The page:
A guide to educational studies resources

Author and Authority

  • Who is the author?
    • Google them, check Wikipedia, check subject-specific encyclopedias to find out where they work, what they research, what they teach, etc.
    • If you add "" to your Google search, it will only search college and university websites, which can help you find a current researcher's CV, research perspective, courses, and other information that the authors themselves may have made available through their university.
  • What else has the author written?
    • All databases allow you to limit your search to just the author's names.
    • Some databases allow you to simply click on the author's name and other articles by that person will come up.
    • Google Scholar lets you search for author's names, but it will sometimes limit you to only the first initial, and may give misleading hits.

Publication and Peer Review

  • Where is the article published?
    • Journals and books through academic organizations or university presses often have some sort of review process, while materials released on blogs, posters, or other more informal routes don't have as much oversight. It doesn't mean it's bad information, but it may be outdated or just an initial report published before the matter was completely investigated.
  • Is it a scholarly publication?
    • Peer review means that experts in the field or sub-field that the author is publishing in have read the article and found it to be a good quality addition to the scholarly conversation. It's a good idea for most research papers to focus on peer-reviewed articles to ensure it's a good quality resource.
    • University Presses, especially those like Oxford, tend to have high quality materials, because the books not only represent the author but also the organization as a whole.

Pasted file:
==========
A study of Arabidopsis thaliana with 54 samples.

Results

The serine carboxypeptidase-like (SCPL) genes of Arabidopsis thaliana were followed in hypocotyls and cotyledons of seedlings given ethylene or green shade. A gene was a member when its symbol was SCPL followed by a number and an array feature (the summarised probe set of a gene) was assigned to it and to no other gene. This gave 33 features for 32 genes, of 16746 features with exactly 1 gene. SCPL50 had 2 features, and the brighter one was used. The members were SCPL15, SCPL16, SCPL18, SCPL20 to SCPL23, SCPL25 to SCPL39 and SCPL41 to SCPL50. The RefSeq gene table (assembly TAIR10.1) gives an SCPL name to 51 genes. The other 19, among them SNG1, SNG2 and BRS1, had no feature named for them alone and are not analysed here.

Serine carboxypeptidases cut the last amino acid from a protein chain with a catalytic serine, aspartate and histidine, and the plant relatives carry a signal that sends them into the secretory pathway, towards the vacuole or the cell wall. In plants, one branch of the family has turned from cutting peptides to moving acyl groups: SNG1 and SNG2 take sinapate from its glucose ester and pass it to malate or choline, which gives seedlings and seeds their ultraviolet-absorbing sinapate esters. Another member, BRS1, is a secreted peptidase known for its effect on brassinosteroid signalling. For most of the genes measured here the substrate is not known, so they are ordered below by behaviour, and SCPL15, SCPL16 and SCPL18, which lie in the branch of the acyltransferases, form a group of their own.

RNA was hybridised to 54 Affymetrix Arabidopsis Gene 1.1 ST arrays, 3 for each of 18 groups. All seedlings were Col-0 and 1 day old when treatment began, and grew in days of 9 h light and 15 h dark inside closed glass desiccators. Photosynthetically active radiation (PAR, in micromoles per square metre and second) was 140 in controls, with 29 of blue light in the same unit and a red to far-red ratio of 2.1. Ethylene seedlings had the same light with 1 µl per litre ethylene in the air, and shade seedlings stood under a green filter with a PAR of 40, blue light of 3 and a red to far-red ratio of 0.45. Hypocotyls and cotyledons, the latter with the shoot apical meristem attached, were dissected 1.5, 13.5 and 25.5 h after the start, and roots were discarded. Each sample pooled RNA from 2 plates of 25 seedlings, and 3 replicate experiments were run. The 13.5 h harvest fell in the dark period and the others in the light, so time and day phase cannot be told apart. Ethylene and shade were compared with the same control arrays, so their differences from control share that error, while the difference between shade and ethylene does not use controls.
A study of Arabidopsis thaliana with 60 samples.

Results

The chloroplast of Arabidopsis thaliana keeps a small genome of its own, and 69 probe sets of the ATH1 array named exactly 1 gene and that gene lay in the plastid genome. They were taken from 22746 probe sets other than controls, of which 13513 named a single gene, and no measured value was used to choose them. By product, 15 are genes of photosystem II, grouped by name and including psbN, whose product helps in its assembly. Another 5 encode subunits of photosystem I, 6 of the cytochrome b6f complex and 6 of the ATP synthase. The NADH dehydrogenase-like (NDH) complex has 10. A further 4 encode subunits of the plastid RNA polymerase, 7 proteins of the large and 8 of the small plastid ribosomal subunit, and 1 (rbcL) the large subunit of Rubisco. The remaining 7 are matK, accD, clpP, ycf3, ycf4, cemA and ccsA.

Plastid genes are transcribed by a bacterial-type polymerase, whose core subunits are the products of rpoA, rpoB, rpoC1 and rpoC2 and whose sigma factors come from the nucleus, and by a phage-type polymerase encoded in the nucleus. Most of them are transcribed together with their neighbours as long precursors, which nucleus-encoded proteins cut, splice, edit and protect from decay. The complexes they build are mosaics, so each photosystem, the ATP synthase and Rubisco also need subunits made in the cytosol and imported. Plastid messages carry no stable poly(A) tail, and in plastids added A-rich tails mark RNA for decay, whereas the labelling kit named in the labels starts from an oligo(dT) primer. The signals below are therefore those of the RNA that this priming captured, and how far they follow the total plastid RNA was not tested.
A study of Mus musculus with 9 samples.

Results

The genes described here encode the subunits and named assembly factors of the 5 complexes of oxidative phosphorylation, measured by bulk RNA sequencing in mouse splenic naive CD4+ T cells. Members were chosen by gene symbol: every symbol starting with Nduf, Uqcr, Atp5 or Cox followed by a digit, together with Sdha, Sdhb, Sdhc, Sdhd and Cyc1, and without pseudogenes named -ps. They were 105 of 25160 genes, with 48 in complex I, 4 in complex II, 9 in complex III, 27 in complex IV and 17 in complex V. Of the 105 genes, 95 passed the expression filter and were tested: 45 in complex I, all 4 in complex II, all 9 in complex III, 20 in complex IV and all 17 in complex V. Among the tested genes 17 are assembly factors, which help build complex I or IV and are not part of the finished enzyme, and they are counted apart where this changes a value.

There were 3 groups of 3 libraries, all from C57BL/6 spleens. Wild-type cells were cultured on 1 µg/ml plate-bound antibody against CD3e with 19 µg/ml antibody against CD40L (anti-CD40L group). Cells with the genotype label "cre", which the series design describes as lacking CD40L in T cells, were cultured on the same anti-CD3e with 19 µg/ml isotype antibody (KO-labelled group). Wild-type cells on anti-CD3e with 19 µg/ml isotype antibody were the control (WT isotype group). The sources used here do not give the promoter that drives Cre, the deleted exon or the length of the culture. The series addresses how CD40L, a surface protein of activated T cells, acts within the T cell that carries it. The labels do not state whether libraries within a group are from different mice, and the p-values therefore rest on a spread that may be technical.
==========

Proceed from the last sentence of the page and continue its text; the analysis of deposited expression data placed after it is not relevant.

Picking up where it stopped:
• Not every research paper can be done with peer-reviewed materials--it is often discipline specific. Personal interviews, for example, are a rich source of information, but they are not considered "peer reviewed."

Citating and Citation

  • Who does the author cite in their bibliography?
    • Are they big names in the discipline? Popular writers? What can this tell you about the research the author did?
  • Does the author include citations?
    • The lack of clear citations, which allow a researcher to trace an author's path through the scholarly conversation, is a possible clue that author hasn't done their research.
    • Can you locate the articles the author cites? Does that work actually say what this author says it says?
  • Who has cited the article/author?
    • In Web of Science, Academic Search Premier, and Google Scholar, you can do a Cited Reference search, where you put in the information about the article you have and it will tell you who has cited the article. This can be a great way to trace how the rest of the profession reacted (or not) to the publication of the article.
    • Very recent articles will have fewer citations, because not enough time has passed for the article to circulate through the scholarly process.
    • Was it well received? Were there retractions or corrections published after the fact?